US Report: VCR-PC hybrid adds up to interactive TV

Add a hard drive to a TV and what do you get? An interactive TV that can be controlled like a VCR -- at least that's the answer from startup Replay Networks Inc.
Written by ZDNet Staff, Contributor

The Californian company next week begins testing its ReplayTV service which allows users of its appliances to pause, rewind, and fast forward any television program. It additionally lets users record shows for later viewing. A poor man's video-on-demand service? Larry Gerbrandt, senior vice president with media watcher Paul Kagan Associates doesn't think so. "This is like having a video server on your TV," he said. "It is video on demand without having to have a 2-way cable system."

The service also adds intelligence to your TV, said Gerbrandt. "You can tell it you want to record all Friends, ER and Star Trek episodes and it will track them down and record them," he said. "It is the coolest TV box to come along in a long time."

The ReplayTV box connects with the Replay Network Service through a telephone line to download TV programming schedules and occasional software updates. By entering in shows of interest, the user can record the shows for later viewing. Better yet, the service is free. "Up to now, we've all been slaves to television schedules, but those days are over," said Anthony Wood, CEO of Replay Networks, in a statement. The ReplayTV appliance's two 13.7GB hard drives can hold up to 28 hours of digital-satellite-quality video.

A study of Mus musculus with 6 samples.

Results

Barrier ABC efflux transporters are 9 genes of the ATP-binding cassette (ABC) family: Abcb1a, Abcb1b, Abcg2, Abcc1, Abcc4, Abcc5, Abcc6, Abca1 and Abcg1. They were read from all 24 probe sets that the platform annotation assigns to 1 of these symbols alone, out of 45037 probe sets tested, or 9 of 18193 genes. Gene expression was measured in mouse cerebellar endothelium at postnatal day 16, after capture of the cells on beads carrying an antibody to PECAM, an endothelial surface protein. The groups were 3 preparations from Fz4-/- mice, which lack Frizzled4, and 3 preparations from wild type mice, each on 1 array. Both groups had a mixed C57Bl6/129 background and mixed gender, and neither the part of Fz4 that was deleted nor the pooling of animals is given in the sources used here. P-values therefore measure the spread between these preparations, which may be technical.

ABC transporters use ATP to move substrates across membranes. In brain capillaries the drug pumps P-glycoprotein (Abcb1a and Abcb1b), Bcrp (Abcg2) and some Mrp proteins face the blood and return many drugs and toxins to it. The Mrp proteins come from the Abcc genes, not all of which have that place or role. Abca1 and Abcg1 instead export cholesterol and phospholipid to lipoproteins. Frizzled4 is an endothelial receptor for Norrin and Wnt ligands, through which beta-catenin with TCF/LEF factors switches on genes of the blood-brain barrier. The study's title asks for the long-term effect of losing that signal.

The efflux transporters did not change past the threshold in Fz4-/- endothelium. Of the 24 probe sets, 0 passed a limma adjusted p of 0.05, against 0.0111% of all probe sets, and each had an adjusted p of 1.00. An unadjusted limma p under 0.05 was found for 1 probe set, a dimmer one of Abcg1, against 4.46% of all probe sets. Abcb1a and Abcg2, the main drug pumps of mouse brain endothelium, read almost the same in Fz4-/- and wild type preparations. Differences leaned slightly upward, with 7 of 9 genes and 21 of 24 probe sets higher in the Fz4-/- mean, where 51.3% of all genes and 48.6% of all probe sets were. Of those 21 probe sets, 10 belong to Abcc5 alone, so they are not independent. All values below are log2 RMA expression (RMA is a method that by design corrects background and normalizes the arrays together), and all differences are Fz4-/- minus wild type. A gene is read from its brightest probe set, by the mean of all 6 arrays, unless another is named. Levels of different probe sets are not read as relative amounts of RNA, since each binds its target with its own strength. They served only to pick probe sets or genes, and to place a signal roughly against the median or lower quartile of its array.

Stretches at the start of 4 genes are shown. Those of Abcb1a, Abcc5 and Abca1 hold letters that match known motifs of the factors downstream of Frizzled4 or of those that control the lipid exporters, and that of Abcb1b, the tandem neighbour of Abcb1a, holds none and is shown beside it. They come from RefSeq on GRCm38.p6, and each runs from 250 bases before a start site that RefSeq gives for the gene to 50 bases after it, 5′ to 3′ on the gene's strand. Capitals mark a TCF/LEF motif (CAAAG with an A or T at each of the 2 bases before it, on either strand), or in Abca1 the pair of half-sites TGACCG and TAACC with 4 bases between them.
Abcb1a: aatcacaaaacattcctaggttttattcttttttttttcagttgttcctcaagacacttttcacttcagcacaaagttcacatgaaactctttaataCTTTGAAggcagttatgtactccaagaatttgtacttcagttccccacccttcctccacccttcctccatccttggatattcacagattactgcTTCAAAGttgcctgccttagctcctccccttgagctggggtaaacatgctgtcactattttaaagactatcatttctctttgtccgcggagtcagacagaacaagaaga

The service will work with today's TVs and phone lines, but there is always room to grow. "There is a huge amount of bandwidth between 1a.m. and 6a.m. that is vastly underutilised," said Gerbrandt, who envisions TV networks running popular movies and shows -- to be replayed later -- during the graveyard shift.

Replay Networks plans to make its living from license fees and sponsorships of "ReplayZones" -- collections of theme-based programs, such as a "Siskel and Ebert" Zone or a Science Fiction Zone. By using such a model, Replay Networks avoids privacy-threatening advertising ploys such as profiling users. "Two big issues holding back interactive TV is monthly fees and privacy," said Jim Plant, director of marketing for Replay Networks. "We are going to steer clear of profiling viewers. However, if a user subscribes to, say, a Science Fiction zone, advertisers will still be able to target advertising.

Replay Networks began taking orders for the box from customers and has already sent out devices to users that represent a broad test group. Retail units will be shipped in the first quarter of 1999 at a whopping price of $995 (£606). That price will come down to around to $500 (£305) by mid-year, predicted Plant.

Also announced on Thursday, the company will partner with MCI WorldCom and Tribune Media Services to provide local point-of-presence and programming information, respectively.